Fortune discusses where tech is headed with Marc Andressen who offers a cogent analysis of what is happening. In a nutshell: “Corporate IT is becoming commoditized, and companies are desperate to continue slashing costs. Automation is the answer.”
Andressen’s thinking (which also supports his own company Opsware):
Linux and Windows are winning–everything else is losing.
You can replace a $300,000 Unix server with ten $3,000 Dell servers for a ten-times savings right off the bat–and they’ll outperform.”
Storage hardware has gotten so cheap–close to $1/gigabyte–that fully redundant storage for a big multinational company can now cost only around $300,000.
Bandwidth costs have plunged. Andreessen says that whereas Netscape paid about $1,600/megabit in late 1999, today the price is down to a mere $50.
The reason we’re seeing such dramatic across-the-board commoditization now is because of what he calls a “maniac” focus on cost-cutting among customers.
It costs a heck of a lot more to operate all this stuff than to acquire it – 6 to 8 times more over time. That’s why IT staff constitutes, on average, something like 40% of the overall corporate IT budget. Getting rid of all those expensive people is a top corporate priority, because it would be the best way to cut costs.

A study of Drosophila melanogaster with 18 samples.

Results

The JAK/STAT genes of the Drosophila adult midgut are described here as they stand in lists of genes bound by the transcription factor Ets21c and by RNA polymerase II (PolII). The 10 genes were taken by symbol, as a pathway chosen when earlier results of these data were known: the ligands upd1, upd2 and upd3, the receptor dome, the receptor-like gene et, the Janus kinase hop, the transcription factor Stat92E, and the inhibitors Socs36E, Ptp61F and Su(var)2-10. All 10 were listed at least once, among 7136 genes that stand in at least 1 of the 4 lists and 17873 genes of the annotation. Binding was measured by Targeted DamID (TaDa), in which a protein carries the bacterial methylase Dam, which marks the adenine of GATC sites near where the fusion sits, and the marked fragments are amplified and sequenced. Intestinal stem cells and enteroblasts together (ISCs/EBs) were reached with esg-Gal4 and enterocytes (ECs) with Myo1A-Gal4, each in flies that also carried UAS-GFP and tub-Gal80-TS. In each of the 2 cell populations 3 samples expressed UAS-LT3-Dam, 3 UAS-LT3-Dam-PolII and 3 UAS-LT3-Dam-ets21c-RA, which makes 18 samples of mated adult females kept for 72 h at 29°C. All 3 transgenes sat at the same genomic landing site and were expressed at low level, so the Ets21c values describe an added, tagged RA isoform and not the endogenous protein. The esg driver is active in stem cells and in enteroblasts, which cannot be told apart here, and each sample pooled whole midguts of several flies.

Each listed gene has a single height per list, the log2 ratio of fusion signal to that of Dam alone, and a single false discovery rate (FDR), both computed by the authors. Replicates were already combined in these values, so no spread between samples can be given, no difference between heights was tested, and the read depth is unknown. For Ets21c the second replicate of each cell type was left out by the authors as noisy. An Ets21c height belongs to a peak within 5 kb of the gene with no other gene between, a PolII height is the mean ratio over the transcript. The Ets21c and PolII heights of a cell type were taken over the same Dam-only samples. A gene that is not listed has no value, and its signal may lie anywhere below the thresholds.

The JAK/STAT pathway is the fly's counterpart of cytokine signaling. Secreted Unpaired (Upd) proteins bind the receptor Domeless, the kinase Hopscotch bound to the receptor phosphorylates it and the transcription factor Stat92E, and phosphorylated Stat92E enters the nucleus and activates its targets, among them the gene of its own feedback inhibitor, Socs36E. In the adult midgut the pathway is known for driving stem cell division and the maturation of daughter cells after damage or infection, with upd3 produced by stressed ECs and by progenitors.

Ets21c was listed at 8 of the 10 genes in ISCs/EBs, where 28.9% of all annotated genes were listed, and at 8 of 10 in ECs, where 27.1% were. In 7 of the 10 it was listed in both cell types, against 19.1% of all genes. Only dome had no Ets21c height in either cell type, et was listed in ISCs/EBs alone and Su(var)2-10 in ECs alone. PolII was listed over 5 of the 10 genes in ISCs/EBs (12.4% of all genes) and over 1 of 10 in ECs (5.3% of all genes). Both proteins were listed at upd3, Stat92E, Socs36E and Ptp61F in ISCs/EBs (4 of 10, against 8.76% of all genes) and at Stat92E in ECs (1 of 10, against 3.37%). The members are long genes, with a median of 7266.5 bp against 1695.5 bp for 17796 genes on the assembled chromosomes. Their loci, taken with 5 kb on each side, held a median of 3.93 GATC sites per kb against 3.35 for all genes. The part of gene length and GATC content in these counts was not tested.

There is also a growing backlog of applications that companies want to implement, even as they are desperate to cut IT costs and staff.
Automation is the answer.
The thinking issimilar to IBM’s on-demand computing and HP’s notion of adaptive infrastructure.
Historically every corporate application had its own hardware and infrastructure resources–dedicated servers, storage, and database. That’s one reason the utilization rate for servers in most companies is only about 20%. Typically, SAP has its own infrastructure (probably multiple ones), and so does Siebel, supply chain, home-grown applications, etc.
That, says Andreessen, is increasingly becoming unnecessary. Now these commoditized components can become merely a set of generic resources to be used for any application at any time. This applies to servers, storage, databases, application servers, firewalls, data routers, and other parts of the corporate computing architecture.
What we need to do is apply thins thinking in the context of SMEs.